We’re back here again, once more talking about global warming. While all scientific empirical data shows that global warming is a real thing, about 40% of our countrymen refuse to acknowledge it. But that’s not the issue today. After contenders finally settled down last year, a new study might have proof that would get them arguing again. Let’s look into this decade old controversy, and see just what the deal is with the global warming hiatus.
Before we get started on the separate points of view regarding the issue, let’s get you up to speed with what you’ve been missing out on. The so-called global warming hiatus refers to the observation that global warming has been slowing down for the past 15 years. It’s not stopping, by any means, but some claim that it might in fact be slowing down a bit.
Finally ending the seemingly endless blog posts and arguments between scientists and skeptics, a team of researchers from the National Oceanic and Atmospheric Administration looked at temperature records and showed that global warming hasn’t actually slowed down since 2000. This was happening last summer.
Now, however, a different group of quite prominent scientists performed their own study. They claim that global warming did in fact slow down, but that there’s no need for arguing or worrying about the consequences of admitting that, mostly because it’s pretty much irrelevant.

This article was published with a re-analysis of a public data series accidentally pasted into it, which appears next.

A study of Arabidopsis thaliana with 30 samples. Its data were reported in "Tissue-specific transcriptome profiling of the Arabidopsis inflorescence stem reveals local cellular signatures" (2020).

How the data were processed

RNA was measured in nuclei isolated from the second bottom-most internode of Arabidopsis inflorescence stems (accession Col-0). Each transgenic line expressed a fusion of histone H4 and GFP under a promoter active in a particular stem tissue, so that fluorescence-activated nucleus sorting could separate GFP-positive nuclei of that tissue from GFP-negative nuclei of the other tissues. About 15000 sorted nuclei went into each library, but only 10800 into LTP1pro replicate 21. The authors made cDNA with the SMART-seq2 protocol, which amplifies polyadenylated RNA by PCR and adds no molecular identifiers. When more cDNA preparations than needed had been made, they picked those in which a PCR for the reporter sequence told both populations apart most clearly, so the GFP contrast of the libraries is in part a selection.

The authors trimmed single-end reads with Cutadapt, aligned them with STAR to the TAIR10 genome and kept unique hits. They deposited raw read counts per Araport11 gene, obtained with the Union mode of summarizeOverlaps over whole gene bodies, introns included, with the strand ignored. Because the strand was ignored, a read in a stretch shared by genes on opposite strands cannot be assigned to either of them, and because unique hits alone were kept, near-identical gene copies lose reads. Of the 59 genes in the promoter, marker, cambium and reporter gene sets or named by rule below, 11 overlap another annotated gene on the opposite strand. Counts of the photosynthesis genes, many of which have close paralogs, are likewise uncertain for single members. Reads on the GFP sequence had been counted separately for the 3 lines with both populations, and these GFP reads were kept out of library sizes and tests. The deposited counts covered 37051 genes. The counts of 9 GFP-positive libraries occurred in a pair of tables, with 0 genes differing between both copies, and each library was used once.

Both sides have accurate claims for the other side’s improper methodology, with NOAA criticizing the new study’s comparison of a 15 year stretch of time to a 48 year stretch, while the new group scolded NOAA for publishing manipulated data just to keep their premise and not publish something they might regret. Without having all the facts, it’s difficult to assign blame here.
The main issue here is that the argument is pointless, as both sides on one thing – whether the hiatus happened or not, it’s over now, and it didn’t really have any over-all effect on global warming. Next came an attempt to figure out the reasons behind the hiatus.
Since the hiatus would suggest that global warming predictive models may occasionally get it wrong, researchers would need additional information to feed the machine in order to come up with more accurate predictions. So, here are a few possible explanations the team came up with.
One of the most plausible reasons is the Pacific Decadal Oscillation. This PDO is a naturally occurring variation in the climate system caused by a cycle of heat the Pacific goes through every decade or so. The waters go from warmer to hotter over long stretches of time, and the magnitude of the ocean does have its impact on the temperature of the atmosphere.
Other plausible explanations would include volcano eruptions, tectonic plate shifts, and naturally occurring cooling aerosols. If the scientists would stop arguing among themselves about something irrelevant, maybe they could soon input the new data into the models and check the new accuracy of the new predictions.